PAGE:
State population target unlikely despite booms being predicted interstate

Adelaide has been a notable absence from the predicted population boom forecast by the Australian Bureau of Statistics (ABS) latest findings, which show Australia is on track to double its current population by 2075.

The data shows that net overseas migration to be the major cause of increase, calculating that up to 10 million migrants will flood into Australia over the next 50 years.

However according to the statistics, Adelaide is one of only a handful of centres that is expected to experience minimal or reversing population growth, making South Australia’s population target unlikely despite the predicted interstate booms.

Western Australia is the most rapidly expanding city according to the statistics, a direct result of the state’s flourishing migration program. Sydney, Melbourne and Brisbane – the other three migrant magnet cities – are also projected to continue growing, with Melbourne predicted to draw even with Sydney as Australia’s largest city by 2053.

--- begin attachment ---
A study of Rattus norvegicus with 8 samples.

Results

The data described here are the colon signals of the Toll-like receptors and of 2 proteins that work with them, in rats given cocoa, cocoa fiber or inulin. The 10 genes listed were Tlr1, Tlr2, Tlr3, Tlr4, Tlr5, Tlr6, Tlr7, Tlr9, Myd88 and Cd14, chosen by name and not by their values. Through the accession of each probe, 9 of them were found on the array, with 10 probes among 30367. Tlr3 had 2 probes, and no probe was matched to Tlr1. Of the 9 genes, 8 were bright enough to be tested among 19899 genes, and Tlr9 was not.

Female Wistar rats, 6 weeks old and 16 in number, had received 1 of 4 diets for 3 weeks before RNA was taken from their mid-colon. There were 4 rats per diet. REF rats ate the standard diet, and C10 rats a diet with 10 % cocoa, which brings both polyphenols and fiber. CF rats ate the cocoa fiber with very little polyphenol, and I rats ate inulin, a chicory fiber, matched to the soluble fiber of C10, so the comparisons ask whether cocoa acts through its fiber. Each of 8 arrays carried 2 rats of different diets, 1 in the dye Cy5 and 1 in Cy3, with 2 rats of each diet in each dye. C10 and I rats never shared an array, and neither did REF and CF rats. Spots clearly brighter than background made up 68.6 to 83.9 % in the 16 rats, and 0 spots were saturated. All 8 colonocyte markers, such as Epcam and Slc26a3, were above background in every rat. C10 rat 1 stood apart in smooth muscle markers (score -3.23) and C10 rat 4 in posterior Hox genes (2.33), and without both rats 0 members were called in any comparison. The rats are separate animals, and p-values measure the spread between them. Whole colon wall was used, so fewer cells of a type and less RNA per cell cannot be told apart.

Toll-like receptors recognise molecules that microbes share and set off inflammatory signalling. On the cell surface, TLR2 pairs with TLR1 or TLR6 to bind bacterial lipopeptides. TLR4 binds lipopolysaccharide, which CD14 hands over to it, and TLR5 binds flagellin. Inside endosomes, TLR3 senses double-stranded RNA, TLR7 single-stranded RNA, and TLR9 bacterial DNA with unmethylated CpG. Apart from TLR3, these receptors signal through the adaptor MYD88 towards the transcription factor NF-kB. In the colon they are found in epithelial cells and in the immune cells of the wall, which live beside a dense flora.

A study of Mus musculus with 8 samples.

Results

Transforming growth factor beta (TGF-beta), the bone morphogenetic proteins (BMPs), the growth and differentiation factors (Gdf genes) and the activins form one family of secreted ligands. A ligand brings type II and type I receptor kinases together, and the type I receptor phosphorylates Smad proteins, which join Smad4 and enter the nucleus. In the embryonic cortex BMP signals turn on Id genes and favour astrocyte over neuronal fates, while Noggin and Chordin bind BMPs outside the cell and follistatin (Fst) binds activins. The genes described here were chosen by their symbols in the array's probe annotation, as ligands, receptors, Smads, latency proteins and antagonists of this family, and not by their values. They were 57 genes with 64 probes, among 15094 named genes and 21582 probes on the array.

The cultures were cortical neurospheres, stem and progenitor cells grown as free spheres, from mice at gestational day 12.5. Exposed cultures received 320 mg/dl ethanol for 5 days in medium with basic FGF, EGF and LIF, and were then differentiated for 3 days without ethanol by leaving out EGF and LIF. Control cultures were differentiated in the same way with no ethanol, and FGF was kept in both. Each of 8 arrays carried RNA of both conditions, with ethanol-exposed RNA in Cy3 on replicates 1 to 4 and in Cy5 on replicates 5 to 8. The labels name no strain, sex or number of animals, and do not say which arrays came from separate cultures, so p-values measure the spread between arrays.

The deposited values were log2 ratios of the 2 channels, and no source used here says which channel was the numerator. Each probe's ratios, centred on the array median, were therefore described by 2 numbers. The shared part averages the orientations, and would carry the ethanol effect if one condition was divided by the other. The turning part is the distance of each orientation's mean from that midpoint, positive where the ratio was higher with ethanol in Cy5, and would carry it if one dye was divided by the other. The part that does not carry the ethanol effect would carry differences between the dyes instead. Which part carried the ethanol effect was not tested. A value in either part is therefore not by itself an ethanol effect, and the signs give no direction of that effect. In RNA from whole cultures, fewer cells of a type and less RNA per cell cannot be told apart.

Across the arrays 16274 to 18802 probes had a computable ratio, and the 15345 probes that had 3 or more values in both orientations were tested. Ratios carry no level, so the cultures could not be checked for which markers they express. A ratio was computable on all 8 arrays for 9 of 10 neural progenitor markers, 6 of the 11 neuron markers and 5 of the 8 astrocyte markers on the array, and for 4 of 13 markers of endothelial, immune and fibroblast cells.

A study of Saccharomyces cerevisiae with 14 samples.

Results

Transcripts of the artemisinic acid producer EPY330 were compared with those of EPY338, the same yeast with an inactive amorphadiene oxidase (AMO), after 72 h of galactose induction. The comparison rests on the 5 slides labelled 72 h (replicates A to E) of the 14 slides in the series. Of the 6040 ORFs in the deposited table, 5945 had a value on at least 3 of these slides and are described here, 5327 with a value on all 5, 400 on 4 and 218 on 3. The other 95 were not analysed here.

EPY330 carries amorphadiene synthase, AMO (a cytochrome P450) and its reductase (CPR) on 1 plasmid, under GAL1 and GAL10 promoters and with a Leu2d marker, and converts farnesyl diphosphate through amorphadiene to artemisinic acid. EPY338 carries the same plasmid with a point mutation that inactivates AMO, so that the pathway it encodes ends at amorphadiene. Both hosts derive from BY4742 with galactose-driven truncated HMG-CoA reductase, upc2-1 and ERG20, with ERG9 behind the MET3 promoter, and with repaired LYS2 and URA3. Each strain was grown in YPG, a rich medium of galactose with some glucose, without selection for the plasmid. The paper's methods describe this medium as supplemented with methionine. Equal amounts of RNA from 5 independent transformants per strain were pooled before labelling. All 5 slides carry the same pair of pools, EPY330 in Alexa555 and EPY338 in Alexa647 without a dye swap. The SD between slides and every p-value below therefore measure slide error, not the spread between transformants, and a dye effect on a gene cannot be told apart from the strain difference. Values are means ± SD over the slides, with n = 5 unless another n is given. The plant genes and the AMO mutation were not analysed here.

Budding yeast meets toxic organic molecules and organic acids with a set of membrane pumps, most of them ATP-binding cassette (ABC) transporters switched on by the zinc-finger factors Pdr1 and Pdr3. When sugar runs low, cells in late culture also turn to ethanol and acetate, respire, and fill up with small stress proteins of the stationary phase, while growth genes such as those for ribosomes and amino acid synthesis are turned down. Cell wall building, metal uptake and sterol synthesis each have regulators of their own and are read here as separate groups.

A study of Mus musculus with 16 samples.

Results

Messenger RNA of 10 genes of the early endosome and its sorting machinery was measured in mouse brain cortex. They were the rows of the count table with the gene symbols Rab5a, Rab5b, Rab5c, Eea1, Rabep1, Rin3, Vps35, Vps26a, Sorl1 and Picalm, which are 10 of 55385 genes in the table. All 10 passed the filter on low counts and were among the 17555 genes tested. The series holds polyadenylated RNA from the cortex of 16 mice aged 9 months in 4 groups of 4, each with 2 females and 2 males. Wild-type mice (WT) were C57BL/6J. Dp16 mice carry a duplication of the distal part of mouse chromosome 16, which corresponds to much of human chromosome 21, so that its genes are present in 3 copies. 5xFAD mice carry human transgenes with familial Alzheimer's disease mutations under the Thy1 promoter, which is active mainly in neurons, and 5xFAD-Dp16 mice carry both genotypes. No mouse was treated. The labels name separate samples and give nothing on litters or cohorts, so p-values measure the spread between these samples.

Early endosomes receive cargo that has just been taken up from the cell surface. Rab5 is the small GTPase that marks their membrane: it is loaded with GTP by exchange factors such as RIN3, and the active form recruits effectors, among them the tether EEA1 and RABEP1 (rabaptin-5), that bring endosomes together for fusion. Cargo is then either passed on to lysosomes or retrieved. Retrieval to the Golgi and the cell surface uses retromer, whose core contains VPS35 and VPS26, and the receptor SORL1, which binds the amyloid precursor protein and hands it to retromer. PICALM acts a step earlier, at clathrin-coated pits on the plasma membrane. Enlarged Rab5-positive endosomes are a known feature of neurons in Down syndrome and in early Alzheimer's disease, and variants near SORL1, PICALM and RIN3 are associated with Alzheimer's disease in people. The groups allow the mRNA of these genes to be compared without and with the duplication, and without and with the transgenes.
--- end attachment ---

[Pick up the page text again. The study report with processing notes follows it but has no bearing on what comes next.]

Realisation of these figures would be a severe blow for the state’s economy, which is already suffering from a number of key industries suffering from an aging demographic and skills shortages across a number of sectors.

The state’s meagre portion of Australia’s skilled migration programme is not helping the cause, with SA recording only a 3% share of the country’s 457 program and 6% of permanent skilled migration outcomes, despite making 7.5% of the national population.

However with the state election rapidly approaching, Migration Solutions is hopeful new measures to increase immigration levels will shape up to be a key platform of the political race.